1Department of Renal Medicine, Blacktown Hospital, Sydney, New South Wales; 2Western Sydney University, Sydney, New South Wales

Background: Defect in the gene CYP11B1 and the subsequent deficiency in the enzyme 11-beta-hydroxylase 1(11β-OH1) is a rare cause of congenital adrenal hyperplasia (CAH). 11β-OH1 plays a major role in cortisol synthesis by converting 11-deoxycortisol to cortisol. It also has a supportive role for 11β-OH2 in aldosterone synthesis by converting 11-deoxycorticosterone to corticosterone.

Clinical features of 11β-OH1 deficiency include ambiguous genitalia, accelerated skeletal maturation, short stature, precocious puberty due to androgen excess and hypokalaemic hypertension from excess 11-deoxycorticosterone.

Case Report: A 27 year old male presented with hypertensive urgency, hypokalaemia and metabolic alkalosis on a background of hypertension from age 21. Known to be noncompliant with treatment, investigations revealed a plasma aldosterone level of 547pmol/L with plasma renin concentration of <2.2mIU/L indicating an aldosterone to renin ratio of more than 200 (normal <30).  CT imaging of the adrenal glands were unremarkable. Given his young age and strong family history of early onset hypertension, patient had genetic testing revealing a large deletion in CYP11B1. There was no evidence of hyperandrogenism.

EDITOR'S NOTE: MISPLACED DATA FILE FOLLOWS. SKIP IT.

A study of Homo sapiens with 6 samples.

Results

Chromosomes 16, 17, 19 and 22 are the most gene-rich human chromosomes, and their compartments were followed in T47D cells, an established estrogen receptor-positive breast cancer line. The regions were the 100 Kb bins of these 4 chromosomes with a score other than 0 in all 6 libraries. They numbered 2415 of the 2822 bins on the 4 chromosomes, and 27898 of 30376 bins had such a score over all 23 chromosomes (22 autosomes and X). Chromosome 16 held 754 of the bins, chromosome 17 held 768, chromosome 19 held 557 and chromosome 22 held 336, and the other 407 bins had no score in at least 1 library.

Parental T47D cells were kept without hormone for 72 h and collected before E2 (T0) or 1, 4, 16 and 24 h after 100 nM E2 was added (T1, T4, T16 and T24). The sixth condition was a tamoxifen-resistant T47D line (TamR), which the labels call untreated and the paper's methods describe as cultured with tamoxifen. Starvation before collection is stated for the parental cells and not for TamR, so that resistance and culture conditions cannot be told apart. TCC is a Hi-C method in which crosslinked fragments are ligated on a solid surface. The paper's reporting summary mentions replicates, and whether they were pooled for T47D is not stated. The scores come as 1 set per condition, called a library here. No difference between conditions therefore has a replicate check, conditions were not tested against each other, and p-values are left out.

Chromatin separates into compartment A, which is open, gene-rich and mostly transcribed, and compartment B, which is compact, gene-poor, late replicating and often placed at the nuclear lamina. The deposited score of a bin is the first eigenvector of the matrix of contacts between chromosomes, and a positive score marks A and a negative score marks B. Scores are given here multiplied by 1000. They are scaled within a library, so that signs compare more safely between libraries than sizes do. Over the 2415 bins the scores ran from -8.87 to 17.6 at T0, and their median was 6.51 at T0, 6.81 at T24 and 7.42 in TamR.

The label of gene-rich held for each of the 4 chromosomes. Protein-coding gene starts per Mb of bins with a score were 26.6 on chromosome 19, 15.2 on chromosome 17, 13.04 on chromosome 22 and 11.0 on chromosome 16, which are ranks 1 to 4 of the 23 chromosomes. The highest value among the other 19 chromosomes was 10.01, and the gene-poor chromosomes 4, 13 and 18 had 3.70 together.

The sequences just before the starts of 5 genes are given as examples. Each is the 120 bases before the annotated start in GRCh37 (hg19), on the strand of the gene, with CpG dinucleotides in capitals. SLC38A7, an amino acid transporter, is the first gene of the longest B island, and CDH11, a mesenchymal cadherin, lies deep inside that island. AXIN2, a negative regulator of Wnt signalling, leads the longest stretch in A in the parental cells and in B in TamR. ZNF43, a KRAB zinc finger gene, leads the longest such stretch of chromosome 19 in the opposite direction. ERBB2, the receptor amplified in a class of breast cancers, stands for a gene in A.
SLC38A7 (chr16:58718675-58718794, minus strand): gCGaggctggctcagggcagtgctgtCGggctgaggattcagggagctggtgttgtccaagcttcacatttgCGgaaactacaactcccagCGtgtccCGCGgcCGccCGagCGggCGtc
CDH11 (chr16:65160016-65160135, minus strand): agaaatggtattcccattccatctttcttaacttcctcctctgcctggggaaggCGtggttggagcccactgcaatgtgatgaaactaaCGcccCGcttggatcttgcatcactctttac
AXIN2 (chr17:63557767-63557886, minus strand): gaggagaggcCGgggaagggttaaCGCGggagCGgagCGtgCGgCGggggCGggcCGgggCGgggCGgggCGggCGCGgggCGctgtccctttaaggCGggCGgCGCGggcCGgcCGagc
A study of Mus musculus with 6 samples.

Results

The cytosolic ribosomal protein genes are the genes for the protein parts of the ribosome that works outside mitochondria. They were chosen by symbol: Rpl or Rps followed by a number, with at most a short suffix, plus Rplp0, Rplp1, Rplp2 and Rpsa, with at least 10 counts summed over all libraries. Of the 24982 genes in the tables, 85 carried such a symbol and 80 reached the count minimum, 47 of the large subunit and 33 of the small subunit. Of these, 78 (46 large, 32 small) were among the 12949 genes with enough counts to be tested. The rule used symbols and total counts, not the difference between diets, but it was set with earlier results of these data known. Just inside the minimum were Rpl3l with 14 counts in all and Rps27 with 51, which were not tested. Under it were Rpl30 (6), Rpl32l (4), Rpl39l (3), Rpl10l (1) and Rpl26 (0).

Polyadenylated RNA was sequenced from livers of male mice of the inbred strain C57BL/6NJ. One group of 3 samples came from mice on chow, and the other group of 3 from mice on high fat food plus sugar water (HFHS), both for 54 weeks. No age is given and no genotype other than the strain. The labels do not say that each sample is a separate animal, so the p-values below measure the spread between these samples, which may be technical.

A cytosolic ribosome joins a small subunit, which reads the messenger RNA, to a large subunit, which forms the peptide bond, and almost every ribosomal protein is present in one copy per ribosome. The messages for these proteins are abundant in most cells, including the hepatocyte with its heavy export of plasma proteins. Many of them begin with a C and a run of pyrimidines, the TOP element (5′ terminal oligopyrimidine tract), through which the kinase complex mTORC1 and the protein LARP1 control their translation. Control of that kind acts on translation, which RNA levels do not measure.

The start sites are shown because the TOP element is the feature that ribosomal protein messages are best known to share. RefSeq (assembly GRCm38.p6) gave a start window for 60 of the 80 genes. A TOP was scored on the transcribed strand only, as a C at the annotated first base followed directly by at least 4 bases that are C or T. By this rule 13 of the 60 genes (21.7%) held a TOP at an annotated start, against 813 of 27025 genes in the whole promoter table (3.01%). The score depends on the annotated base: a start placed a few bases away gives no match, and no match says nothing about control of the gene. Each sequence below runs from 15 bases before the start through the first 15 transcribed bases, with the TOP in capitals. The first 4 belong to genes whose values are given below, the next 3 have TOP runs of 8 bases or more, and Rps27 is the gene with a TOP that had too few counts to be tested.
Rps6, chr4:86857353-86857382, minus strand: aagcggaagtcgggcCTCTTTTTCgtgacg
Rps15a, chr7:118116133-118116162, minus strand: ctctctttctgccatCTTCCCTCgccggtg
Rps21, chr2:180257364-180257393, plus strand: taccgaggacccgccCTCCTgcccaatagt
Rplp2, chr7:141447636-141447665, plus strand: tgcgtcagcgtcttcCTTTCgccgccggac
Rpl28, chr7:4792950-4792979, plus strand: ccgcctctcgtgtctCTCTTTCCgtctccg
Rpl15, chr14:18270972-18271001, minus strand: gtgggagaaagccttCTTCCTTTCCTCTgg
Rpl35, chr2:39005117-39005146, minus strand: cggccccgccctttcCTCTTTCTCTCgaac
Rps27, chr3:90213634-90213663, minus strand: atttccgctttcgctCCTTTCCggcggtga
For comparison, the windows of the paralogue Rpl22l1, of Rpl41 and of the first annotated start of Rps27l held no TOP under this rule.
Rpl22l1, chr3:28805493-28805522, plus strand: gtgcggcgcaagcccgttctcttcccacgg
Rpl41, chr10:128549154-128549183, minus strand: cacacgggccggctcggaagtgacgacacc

Conclusions: 11β-OH1 associated CAH is characterised by hyperandrogenism with accumulation of 11-deoxycortisol and 11-deoxycorticosterone. 11-deoxycorticosterone (which has intrinsic mineralocorticoid activity) causes hypokalaemic hypertension and supressed aldosterone production. However, our patient had a significantly elevated aldosterone to renin ratio suggesting that blockage of the cortisol pathway caused activation of the mineralocorticoid pathway instead of the androgen pathway.

This is the first documented case of a deletion in gene CYP11B1 presenting with both hypertension and hyperaldosteronism instead of hypertension, hyperandrogenism and hypoaldosteronism. This case suggests that depending on which pathway is predominantly activated (aldosterone or androgens), deletion of CYP11B1 can lead to either CAH or a novel hyperaldosteronism.